PLANTS FOR SHADE
Barbara Porsch, Master Gardener
I wouldn’t trade my beautiful big trees for anything. Over the years through trial and error, I have found my favorite half dozen plants that give me more bang for my buck in the shade.
- Holly Fern (Cyrtomium falcatum) is a dependable foundation plant that is evergreen and requires little care except trimming out damaged fronds at the beginning of new growth. Too much sun can scald the fronds and burn them. When planting, the crown of the plant should rest at the surface of the soil when watered in.
- Cast Iron (Aspidistra elatior) is another evergreen plant that doesn’t like the sun at all. A native of China, it is easily grown in landscape or as a houseplant. The common name comes from the fact that it can survive with little care. I have this plant in the ground and in pots outdoors. In winter if there is ice in the forecast, I protect the pots with an old blanket or something, but those in the ground survive. They benefit from having damaged or sun burned leaves clipped out at the ground.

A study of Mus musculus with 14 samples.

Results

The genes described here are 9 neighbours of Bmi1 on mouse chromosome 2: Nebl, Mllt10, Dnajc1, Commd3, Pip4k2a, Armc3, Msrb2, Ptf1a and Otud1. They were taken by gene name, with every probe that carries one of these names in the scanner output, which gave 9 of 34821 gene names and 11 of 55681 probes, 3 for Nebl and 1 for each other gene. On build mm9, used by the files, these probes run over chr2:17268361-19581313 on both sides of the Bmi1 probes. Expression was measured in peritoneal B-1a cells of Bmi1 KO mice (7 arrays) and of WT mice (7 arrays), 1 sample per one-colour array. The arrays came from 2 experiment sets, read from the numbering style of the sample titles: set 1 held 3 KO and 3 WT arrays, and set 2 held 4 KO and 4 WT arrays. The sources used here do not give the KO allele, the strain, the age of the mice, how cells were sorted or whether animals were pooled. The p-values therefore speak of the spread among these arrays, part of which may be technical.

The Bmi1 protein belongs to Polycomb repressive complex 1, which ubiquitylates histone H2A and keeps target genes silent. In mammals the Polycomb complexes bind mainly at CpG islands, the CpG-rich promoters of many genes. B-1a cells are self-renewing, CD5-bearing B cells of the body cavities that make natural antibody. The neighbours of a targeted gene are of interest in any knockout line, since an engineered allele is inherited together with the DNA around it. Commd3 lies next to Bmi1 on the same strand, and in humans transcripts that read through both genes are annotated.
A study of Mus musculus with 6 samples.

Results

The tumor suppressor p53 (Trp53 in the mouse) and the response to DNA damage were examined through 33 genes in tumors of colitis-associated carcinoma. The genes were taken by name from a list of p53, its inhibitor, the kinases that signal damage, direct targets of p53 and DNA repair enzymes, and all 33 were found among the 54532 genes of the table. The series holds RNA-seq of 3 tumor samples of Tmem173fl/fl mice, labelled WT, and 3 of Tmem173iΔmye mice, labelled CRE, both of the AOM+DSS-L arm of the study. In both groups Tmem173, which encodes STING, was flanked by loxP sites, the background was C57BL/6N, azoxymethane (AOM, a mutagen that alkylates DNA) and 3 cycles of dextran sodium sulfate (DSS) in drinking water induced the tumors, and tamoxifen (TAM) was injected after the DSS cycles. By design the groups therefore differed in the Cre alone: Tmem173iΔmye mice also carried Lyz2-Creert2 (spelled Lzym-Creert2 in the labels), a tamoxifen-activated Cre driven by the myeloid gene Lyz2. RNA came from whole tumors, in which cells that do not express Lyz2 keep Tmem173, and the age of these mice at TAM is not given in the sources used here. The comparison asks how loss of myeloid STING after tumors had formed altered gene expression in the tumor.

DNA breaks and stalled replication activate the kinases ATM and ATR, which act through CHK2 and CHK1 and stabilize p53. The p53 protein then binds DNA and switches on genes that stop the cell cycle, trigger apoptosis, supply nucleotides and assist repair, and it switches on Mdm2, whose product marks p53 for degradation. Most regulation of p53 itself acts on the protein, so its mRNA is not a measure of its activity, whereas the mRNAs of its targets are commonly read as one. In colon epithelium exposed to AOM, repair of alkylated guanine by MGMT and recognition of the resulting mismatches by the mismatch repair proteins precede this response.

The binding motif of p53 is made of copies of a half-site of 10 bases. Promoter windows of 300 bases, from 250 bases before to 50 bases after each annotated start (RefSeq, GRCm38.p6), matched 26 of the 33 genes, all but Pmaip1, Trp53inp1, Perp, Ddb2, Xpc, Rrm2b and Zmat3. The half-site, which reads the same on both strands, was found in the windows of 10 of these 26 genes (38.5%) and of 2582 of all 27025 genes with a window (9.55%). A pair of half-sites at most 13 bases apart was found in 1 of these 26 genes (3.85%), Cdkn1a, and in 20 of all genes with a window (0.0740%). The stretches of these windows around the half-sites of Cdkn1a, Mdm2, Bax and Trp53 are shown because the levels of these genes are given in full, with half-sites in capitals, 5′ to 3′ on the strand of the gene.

- Columbine (Aquilegia) is a herbaceous flowering perennial which can be seeded into the garden anytime in spring or summer. Transplants can usually be found in the spring in local nurseries. ‘Texas Gold’ is a variety that especially performs well in this area. Their attractive lacy leaves and bright yellow flowers make a wonderful appearance in a shady spot.
- Beauty Berry (Callicarpa americana) Its claim to glory is the abundance of beautiful purple berry clusters along the stems in the late summer.
- Inland Sea Oats (Chasmanthium latifolium) is a native grass which has beautiful green leaves and then the seed heads which resemble oats add texture through the winter. It needs to be cut back late winter or early spring.
- Turk’s Cap (Malvaviscus arboreus) can thrive either in full shade, or full sun. It needs to be cut back early spring prior to new grown, but the seed pods are beautiful all winter following the red blossoms that resemble a bishop’s cap…thence the common name. Needless to say, the hummingbirds love this plant.